SBRT for Lung Cancer
10 Years of Use Proves the Safety and Efficacy of SBRT for Lung Cancer
According to researchers from the Cleveland Clinic Foundation, a decade of lung cancer treatment with SBRT has proven that this focused radiation therapy is not only effective for controlling the growth and spread of lung cancer, it can also limit radiation exposure for the patient. The researchers tracked the results of SBRT for inoperable, early-stage lung cancer from 2003 to 2013. During that time, a mere 13 percent of the patients studied demonstrated any side effects, and even among those that did, symptoms were usually minimal.
For the purposes of the study, patients received what the researchers dubbed the “50-in-5 regimen” of SBRT, which consists of a total of 50 Gy of focused radiation delivered over the course of five sessions. Between October 2003 and December 2012, 300 patients received the 50-in-5 regimen to treat a total of 340 non-small cell lung cancer lesions. The average patient was 74 years old and over half the patients studied were women. A little more than 18 percent were cigarette smokers, although most of the patients were considered inoperable for other reasons.
The majority of the patients only needed a single course of SBRT for lung cancer treatment. Treatments were administered daily over a five-day period. Fifteen percent of the patients needed one or more additional courses of SBRT because their cancer came back. The short course of treatment with SBRT and the effectiveness of the treatment are why so many patients now choose CyberKnife for non-invasive lung cancer treatment.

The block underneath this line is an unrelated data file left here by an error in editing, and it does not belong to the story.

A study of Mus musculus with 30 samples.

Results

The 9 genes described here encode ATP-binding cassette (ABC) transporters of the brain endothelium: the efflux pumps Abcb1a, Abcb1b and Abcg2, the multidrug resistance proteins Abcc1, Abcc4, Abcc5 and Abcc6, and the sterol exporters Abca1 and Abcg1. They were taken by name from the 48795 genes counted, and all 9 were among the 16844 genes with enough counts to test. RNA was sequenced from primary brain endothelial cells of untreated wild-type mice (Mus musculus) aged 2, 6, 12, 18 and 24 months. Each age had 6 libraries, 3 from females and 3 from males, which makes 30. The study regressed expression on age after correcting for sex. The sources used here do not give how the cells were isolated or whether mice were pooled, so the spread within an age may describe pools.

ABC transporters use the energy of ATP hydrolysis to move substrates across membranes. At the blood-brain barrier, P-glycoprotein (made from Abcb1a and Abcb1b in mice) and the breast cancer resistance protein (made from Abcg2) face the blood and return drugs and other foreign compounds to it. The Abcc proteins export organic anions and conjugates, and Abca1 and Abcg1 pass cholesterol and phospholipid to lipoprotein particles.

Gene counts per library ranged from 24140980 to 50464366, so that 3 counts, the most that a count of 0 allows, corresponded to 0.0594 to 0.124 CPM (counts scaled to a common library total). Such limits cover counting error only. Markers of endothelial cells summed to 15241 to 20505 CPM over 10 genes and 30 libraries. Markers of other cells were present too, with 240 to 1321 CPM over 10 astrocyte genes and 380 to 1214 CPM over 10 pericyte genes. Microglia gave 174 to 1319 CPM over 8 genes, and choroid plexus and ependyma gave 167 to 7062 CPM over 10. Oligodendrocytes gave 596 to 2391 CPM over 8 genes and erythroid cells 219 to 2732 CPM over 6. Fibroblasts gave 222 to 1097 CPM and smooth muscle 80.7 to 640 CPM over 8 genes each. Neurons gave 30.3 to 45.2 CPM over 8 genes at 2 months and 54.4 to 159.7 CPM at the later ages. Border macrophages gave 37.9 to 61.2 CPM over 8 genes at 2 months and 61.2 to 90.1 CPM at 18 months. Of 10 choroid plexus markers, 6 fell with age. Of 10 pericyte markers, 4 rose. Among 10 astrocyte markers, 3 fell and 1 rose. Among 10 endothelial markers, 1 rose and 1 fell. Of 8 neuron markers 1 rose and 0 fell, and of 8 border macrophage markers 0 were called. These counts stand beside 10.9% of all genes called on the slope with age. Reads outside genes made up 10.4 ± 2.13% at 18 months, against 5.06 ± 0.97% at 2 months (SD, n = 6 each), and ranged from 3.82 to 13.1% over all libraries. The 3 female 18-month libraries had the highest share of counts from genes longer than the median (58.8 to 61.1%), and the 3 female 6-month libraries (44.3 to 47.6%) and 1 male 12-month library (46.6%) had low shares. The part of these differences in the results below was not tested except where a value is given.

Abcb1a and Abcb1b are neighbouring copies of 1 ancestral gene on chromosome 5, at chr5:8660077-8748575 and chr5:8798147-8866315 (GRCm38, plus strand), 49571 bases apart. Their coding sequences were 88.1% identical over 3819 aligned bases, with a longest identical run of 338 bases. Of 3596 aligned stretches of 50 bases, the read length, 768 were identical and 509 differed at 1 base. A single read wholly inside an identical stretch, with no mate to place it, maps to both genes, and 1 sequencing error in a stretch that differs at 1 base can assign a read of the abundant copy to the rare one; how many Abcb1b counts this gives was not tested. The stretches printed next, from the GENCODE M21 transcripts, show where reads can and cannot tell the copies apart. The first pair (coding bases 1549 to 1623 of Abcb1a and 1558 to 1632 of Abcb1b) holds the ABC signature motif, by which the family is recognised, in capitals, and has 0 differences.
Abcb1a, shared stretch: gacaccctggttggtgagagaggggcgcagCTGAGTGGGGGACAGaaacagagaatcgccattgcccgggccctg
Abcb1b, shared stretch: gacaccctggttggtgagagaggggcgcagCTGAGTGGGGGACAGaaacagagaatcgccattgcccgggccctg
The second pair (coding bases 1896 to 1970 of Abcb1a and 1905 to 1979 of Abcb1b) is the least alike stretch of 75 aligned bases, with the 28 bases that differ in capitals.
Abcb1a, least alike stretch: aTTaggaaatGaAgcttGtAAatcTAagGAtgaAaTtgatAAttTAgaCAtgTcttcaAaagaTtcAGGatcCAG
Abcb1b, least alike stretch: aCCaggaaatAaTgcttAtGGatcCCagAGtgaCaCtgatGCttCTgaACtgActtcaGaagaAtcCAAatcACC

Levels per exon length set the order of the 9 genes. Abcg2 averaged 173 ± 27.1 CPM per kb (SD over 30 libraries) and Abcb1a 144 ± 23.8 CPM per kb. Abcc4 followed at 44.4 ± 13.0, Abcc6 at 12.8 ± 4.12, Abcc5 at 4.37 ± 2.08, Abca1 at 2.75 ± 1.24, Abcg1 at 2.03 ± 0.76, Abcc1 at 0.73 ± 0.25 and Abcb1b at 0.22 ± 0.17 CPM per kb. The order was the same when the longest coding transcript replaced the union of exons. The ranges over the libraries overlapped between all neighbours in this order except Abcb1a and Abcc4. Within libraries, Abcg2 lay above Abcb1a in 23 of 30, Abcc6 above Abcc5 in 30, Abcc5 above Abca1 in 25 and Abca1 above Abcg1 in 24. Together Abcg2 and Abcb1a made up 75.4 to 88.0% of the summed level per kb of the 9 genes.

High Efficacy, Low Toxicity
Though researchers did find that SBRT was effective at treating non-small cell lung cancer, they did point out that only 47 percent of the patients were alive at the five-year follow-up, largely due to patients’ advanced age and the occurrence of other diseases that affect survival. While SBRT did eliminate the cancer within the lung, a significant percentage of patients experienced a return of cancer in another part of the body.
Nevertheless, Cleveland Clinic Foundation radiation oncologist Dr. Gregory Videtic called the treatment “an amazing technology for a population of patients who previously had no other options.” He believes that this non-invasive, focused radiation treatment could extend the life spans of up to 20,000 people each year by giving those who aren’t healthy enough for surgery another option.
Furthermore, SBRT is one of the safest forms of cancer treatment. A mere 13 percent of the patients studied exhibited any side effects at all due to the treatment, and all of those were low-level, minor side effects. In 75 percent to 80 percent of the cases, side effects were minor enough to heal on their own, and within a short time frame. Previous studies seemed to suggest that SBRT was very safe, but this study is important because side effects from radiation treatment can sometimes appear several years after treatment ends. The length of the study period allowed the researchers to evaluate the long-term safety of the procedure.
According to the results of a new 10-year study from the Cleveland Clinic Foundation, SBRT is effective and remains safe, even in the long term. If you or someone you love is suffering from inoperable lung cancer, this non-invasive procedure could help you overcome cancer with just one short round of treatment.